While storage is important for its ability to hold data, if it's not properly tuned for your applications then you may not get the results you expect when those applications have been virtualized.
Michael Webster is one of the authors of Virtualizing SQL Server With VMware, which guides administrators in the steps required to virtualize the popular database application. One section of the book centers on how performance of these virtualized programs hinges on proper storage architecture.
SearchVMware talked with Michael Webster about why storage is so important and also about when an organization knows it's ready to virtualize SQL Server.
Why is it important to design storage for performance before capacity?
Michael Webster: Storage performance, especially where databases are concerned, causes 80% of problems in virtualized environments. In order to achieve the performance, you need enough storage devices, and therefore that will take care of the capacity. If you don't take care of performance, you will have way too much capacity at the end of your performance, and it is effectively unusable.
How do you know when an organization is ready to virtualize SQL Server?
Webster: With the way hypervisors have developed, there are very few databases that can't be virtualized. When customers are looking to improve service levels, increase availability, performance, reliability, improve development and test life cycles -- these are places where virtualization can come in. A database doesn't know it's virtualized and, as my co-author Michael Corey says, you don't need to tell it. The barriers to virtualizing databases are gone. There are no technical issues, [but] training and operational processes may need adjustment. This is more of the consideration around virtualizing databases now.
Which resource – CPU, memory or networking – has the biggest impact on storage architecture and performance, and why?
Webster: Memory has the biggest impact for a SQL database. The more memory you have and assign to the buffer cache, the less read I/O and the more optimized read and writes can be. The buffer cache is just a big cache at the end of the storage. Therefore, memory has the biggest impact on storage architecture, performance and investments.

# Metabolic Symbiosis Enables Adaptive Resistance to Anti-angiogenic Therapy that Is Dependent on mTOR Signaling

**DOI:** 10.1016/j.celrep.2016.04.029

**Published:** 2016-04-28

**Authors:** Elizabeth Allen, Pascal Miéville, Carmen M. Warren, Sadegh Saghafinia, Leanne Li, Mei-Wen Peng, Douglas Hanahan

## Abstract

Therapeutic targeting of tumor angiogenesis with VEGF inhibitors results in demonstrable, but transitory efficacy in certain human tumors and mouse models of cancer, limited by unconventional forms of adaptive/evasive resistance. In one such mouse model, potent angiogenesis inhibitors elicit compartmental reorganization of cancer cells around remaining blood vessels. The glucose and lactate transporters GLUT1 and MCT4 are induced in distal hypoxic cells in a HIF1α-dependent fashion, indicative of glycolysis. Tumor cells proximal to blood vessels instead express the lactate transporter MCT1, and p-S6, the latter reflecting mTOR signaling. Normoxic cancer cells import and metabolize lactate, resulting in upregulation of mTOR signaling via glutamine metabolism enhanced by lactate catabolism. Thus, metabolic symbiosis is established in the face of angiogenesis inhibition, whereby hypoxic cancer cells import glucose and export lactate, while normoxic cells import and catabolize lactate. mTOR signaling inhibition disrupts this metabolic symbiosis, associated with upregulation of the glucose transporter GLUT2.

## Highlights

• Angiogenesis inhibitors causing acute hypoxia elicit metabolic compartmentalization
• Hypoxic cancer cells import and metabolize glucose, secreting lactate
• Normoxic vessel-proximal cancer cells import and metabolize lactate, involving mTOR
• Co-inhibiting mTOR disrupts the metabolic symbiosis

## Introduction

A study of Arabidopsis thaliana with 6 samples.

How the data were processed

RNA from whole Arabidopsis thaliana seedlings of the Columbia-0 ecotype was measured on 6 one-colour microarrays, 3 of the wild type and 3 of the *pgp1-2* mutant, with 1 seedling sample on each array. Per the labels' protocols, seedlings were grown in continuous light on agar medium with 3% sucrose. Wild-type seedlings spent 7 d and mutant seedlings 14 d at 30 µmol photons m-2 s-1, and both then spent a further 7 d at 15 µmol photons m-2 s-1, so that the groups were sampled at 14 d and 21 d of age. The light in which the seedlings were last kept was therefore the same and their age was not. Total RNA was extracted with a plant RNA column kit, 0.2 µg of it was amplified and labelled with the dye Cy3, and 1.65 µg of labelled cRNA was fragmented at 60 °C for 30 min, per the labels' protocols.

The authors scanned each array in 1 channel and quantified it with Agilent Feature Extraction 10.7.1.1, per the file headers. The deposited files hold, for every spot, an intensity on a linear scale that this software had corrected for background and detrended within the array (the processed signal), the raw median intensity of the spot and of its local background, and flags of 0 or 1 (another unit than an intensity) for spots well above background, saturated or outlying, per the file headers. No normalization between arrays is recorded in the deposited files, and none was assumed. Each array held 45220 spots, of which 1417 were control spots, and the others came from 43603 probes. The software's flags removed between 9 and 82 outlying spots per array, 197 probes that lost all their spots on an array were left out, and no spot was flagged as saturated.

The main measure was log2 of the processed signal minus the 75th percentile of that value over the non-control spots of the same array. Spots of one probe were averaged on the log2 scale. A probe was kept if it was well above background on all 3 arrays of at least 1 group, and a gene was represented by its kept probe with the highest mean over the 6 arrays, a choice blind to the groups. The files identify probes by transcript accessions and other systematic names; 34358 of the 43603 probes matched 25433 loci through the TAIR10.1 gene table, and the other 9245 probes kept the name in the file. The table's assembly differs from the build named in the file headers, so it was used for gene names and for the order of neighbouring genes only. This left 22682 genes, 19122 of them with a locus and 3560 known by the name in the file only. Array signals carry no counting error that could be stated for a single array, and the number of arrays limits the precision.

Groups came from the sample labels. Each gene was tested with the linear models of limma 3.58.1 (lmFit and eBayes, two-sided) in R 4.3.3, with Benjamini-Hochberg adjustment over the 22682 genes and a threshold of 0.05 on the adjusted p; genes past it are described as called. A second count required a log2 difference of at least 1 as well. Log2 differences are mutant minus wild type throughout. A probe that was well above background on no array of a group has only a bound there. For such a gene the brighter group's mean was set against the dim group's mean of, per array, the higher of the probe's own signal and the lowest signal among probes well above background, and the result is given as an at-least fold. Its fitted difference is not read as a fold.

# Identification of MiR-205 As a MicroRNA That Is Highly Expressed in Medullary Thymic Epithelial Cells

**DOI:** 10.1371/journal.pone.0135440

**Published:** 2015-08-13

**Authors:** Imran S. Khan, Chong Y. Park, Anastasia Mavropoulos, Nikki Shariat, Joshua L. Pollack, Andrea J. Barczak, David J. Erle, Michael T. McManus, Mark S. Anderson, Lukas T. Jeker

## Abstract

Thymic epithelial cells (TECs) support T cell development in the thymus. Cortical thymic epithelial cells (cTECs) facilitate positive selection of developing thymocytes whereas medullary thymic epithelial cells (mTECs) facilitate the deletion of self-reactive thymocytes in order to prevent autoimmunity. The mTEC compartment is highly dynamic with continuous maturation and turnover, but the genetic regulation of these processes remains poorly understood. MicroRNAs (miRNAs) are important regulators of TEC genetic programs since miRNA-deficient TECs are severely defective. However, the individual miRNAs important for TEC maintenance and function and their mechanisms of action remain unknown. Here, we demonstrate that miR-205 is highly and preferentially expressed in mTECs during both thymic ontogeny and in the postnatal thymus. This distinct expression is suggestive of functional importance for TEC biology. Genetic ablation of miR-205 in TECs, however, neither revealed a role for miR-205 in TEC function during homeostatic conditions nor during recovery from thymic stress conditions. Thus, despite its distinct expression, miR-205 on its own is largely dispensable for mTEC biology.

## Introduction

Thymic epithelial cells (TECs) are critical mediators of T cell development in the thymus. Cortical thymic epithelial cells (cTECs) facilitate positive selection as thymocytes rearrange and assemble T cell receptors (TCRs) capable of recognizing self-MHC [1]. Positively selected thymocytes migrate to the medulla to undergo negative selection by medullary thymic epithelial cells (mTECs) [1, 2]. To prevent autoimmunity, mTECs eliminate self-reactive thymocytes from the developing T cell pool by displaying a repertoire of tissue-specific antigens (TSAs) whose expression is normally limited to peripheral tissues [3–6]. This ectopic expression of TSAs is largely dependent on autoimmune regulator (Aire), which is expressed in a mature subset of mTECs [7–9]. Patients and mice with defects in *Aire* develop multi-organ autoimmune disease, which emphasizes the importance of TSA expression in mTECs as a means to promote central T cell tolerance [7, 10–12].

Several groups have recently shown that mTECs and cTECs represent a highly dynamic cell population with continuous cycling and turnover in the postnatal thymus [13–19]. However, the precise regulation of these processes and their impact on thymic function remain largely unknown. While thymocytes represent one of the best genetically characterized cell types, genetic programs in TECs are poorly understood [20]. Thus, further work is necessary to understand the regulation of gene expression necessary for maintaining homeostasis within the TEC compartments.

When talking about memory we should also look at flash, which is similar to nearline memory. It is having a massive impact on how databases are deployed, as are the in memory capabilities of SQL 2014.
What are some possible issues that could arise if you don't standardize design across all the VM templates?
Webster: The biggest impact is complexity and increased operational costs. You really want to keep things simple and as standard as possible, while meeting all of the business requirements, of course. If you have too much variation, your whole operational model will be more complex. You will need to modify too many things during deployment, and [then there are] too many things to track during changes. There is a higher risk of configuration error in a non-standardized environment and also a higher risk of performance issues that can become harder to troubleshoot. Having everything built into a standardized template means you know you'll get all your best practices applied consistently every time.
How has hyper-converged infrastructure changed how IT shops implement storage? Is that change good or bad for virtualizing applications?
Webster: Hyper-convergence really simplifies how customers deploy software-defined data centers. It removes the infrastructure complexity from the equation so that admins can focus more on the applications and fulfilling application requirements, without having to worry as much about the storage underneath. It removes a lot of the moving parts and reduces operating expense and total cost of ownership. You can scale out as and, when you need, support lots of databases and VMs with consistent performance, and know that this will increase constantly as things change and expand. The biggest change is how fast it can be implemented, so it offers much more agility and faster time to market. Hyper-convergence will be the predominant way that most applications are deployed inside organizations in the future as it offers a cloud-like experience, in terms of infrastructure on demand, but under the complete control of the organization, while still offering extension to cloud services. Over time, SANs will just be there to manage physical systems, Unix and mainframes. But this transition will happen over time and it will be a very different landscape in 10 years.